In an eWEEK story yesterday on the response to Google Gears, Burton Group analyst Guy Creese is quoted as saying that "It’s a capitulation by Google that Microsoft is right—it’s all about SAAS and software, not just SAAS." I’m sorry, but that’s just wrong, for reasons that it’s critical to understand.

Creese apparently equates SaaS with a continual Net connection, overlooking the major reasons why SaaS is gaining momentum in both enterprise and consumer-facing applications.

  • If you don’t have to install and configure an application, but simply use it by logging in…
  • If upgrades become available to the user transparently, without application breakage resulting from fat applications demanding incompatible versions of fat client platform components…
  • If back-end workload is handled by someone else’s infrastructure, without an end user or a user organization making wasteful investments in peak-load capacity that mostly goes unused…
  • If you get all those measures of goodness…it’s SaaS.

If new technology enables you to continue use of a SaaS application in a non-connected mode, automatically realigning session state and content with the state of shared resources when the next opportunity arises, that doesn’t mean it’s no longer SaaS. That just means that one of the legitimate objections to adopting SaaS has been addressed — without accepting the burdens of continued investment and administration, and the nuisances of device-resident state, that go with a fat-client model.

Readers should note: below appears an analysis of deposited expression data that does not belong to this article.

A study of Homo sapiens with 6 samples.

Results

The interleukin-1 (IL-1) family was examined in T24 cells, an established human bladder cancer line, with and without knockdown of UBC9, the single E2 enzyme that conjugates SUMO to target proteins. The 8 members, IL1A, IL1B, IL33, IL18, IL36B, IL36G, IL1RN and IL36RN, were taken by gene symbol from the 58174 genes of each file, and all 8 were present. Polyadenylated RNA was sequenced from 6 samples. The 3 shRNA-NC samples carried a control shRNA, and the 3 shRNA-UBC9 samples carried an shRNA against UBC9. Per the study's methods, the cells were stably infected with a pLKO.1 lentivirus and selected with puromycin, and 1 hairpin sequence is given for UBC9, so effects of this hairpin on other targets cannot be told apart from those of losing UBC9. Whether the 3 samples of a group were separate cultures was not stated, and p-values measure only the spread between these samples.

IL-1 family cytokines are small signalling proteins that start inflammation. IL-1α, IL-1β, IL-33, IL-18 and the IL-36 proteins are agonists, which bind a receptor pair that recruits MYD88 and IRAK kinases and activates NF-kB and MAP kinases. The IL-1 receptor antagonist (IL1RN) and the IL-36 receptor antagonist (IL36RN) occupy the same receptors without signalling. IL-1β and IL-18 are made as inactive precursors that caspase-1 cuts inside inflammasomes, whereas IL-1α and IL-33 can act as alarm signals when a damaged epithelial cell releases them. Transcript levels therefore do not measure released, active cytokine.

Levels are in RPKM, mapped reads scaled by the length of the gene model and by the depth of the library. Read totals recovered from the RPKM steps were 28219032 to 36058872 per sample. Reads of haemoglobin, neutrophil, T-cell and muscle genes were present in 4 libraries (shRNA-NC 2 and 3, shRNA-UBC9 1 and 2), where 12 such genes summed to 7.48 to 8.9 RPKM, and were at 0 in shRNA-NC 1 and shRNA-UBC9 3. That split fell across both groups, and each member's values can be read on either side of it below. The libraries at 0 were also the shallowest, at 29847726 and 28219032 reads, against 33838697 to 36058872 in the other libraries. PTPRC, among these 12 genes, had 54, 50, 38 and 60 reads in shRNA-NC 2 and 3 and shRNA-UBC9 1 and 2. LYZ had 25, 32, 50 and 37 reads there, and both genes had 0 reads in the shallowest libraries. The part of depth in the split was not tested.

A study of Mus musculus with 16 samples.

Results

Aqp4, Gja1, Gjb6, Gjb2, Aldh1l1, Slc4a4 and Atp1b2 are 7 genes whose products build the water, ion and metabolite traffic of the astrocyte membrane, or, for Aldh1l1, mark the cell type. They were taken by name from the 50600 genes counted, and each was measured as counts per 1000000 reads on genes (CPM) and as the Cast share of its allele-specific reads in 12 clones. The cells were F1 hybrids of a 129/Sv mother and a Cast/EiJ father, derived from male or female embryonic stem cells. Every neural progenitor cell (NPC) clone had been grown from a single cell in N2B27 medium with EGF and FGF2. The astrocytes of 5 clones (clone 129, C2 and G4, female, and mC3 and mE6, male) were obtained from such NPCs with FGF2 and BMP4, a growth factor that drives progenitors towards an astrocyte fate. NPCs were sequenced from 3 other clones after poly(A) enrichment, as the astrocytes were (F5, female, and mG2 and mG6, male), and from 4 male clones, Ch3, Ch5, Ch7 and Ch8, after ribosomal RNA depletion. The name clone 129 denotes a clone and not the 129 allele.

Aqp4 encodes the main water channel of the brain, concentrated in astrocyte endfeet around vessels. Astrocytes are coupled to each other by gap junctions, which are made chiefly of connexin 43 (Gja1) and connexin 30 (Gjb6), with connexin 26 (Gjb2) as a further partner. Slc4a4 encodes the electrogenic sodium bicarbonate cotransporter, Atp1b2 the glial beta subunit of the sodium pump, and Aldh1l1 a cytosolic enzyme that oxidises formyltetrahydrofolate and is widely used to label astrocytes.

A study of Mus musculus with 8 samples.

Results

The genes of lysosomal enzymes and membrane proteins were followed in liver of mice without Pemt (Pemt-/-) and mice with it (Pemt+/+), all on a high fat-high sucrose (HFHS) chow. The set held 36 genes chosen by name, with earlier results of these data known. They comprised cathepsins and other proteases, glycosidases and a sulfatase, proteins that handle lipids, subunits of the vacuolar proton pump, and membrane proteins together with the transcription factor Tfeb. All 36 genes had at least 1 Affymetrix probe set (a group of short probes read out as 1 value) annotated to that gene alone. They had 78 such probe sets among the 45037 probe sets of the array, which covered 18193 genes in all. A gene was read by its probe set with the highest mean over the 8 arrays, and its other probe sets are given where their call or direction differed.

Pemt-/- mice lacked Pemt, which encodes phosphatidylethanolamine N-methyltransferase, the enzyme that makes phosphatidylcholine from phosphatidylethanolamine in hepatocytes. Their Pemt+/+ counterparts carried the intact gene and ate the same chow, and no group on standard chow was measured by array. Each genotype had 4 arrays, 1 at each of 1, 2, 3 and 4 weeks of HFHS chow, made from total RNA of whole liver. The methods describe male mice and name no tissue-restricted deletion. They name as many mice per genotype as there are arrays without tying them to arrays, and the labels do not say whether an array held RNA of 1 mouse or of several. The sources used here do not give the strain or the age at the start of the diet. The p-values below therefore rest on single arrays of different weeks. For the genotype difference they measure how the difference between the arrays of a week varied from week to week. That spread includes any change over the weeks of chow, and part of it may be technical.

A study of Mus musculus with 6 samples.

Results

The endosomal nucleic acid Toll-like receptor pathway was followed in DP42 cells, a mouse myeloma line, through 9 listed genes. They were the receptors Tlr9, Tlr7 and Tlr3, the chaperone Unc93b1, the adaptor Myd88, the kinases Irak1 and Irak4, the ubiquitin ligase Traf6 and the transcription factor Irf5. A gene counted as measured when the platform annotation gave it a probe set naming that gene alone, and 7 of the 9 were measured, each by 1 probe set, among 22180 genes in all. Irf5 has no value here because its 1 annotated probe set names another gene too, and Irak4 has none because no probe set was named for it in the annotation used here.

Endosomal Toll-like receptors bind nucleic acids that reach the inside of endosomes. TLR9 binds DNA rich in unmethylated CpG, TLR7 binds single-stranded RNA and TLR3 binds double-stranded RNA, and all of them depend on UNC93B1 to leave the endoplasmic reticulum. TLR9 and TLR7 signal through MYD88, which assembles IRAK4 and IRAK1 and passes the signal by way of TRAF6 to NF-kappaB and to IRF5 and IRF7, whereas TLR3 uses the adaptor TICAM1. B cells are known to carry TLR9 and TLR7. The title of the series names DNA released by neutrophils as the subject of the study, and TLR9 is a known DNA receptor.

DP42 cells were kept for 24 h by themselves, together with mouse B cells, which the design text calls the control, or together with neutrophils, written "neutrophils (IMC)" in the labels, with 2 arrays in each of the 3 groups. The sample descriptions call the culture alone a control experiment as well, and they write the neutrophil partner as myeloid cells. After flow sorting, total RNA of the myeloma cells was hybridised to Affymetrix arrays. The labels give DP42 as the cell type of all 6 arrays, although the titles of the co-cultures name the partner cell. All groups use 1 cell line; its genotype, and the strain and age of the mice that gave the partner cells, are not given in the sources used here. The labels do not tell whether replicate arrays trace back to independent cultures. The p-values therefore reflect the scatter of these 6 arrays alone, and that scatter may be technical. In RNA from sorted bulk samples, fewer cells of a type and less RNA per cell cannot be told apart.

My aikido throw of Creese’s comment would be something like this: "Gears is a demonstration by Google that Microsoft is wrong: it’s all about the convenience and the cost-effectiveness of SaaS, not the complexity and wastefulness of ‘software plus services.’"

Google Gears shines a flashlight under the bed, and reveals that the bogeyman of "what about when you’re not connected?" is just a little dust bunny after all.  It’s about time.